One of the metrics that has developed over the last 15 years is the concept of the Functional Threshold or FTP. Originally this was tied to the power one could sustain for around 60min, and was then broadened to the power one could sustain for a 40km TT.
This metric was strongly related to performance in endurance events from a 2000m pursuit to long road races. The Gold Standard for testing was a 40km TT or a maximal hour effort. Naturally this was not appealing to many and some varieties of the testing included using a critical power model based on 2-3 maximal tests over 3min to 30min, to performing a maximal 5min effort and then after a short rest performing a maximal 20min effort and taking 95% of the 20min power as an estimate of ones FTP.
The big challenge of this was different protocols produced different results which made it hard to compare thresholds. In recent years the Power Meter Analysis Software WKO4 has used the data from training and racing to estimate FTP, and contingent on a good mix of hard efforts from 1s to hours to estimate the power for any given duration including a riders FTP. This model developed by Andy Coggan is very robust and is based on a huge volume of power files collected from riders at all levels.
Time to Exhaustion – TTE
Based on this what started to become apparent was that one could manipulate FTP by performing a shorter efforts maximally. This gave a somewhat inflated FTP. This has led to a second, and very important, concept of fatigue resistance. In WKO4 this is know as Time To Exhaustion (TTE) and is based on the duration a rider can sustain their FTP.
This allows the coach and the rider to look at their FTP and compare it to TTE and assess whether the rider has an inflated FTP. A good time to exhaustion duration is between 50-70mins. A TTE in this range would suggest an accurate FTP based on good sustained power over the intended duration of around an hour or for a 40km TT. A TTE of between 25-40min would suggest an FTP based on shorter maximal efforts of 1s to 10min. Now, this may be ideal for a track cyclist or criterium rider peaking for an event but for any event over an hour it would suggest that they will not have the stamina for the later stages of the race.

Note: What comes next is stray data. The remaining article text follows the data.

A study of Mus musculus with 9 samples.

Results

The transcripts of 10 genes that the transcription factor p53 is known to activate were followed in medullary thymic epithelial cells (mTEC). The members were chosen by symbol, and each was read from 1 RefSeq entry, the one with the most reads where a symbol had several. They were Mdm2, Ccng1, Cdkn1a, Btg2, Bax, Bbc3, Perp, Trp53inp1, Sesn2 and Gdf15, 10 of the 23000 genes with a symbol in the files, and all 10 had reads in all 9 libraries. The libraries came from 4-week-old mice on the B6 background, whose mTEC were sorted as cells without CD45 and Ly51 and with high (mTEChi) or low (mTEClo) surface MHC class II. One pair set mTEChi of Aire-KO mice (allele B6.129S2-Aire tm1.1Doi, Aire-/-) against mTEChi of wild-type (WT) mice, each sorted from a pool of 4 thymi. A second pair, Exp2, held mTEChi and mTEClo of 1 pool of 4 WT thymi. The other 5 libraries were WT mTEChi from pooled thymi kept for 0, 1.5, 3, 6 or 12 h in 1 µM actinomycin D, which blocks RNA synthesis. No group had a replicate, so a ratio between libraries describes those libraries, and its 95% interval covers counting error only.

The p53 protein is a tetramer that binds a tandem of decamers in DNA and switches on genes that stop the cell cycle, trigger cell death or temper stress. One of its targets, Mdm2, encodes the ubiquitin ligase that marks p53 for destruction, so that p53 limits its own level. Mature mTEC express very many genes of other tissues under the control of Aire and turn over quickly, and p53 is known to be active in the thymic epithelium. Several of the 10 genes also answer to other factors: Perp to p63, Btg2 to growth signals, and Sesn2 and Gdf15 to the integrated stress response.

As a Coach, I am loving these new fatigue resistance metrics, which in WKO4, also apply to short and medium term power metrics for Sprint, Kilo and Pursuit performance. This is because the power at these levels in a well trained rider is very hard to develop. A ten watt improvement in FTP equals between 60-90s improvement in a 40km time trial. Linda Villumsen needed just 6 watts more to move from 6th to Gold in Rio. What can be well trained is the time you can sustain that power. This is where the bulk of training should be focused on!
For more information on FTP, TTE and WKO4 (and many more acronyms) there is a WKO4 Power Users page on Facebook and search on Youtube for WKO4 for hours and hours of excellent videos that discuss the concepts underlying power meter metrics and their application to improving your performance.
Hamish Ferguson is Canterbury Based Cycling Coach who prepares riders here and overseas for Road, Mountain Bike and Track Cycling events. In 2015 he was awarded a Master of Philosophy Degree for research on long term training metrics and their relationship with performance in road cycling events.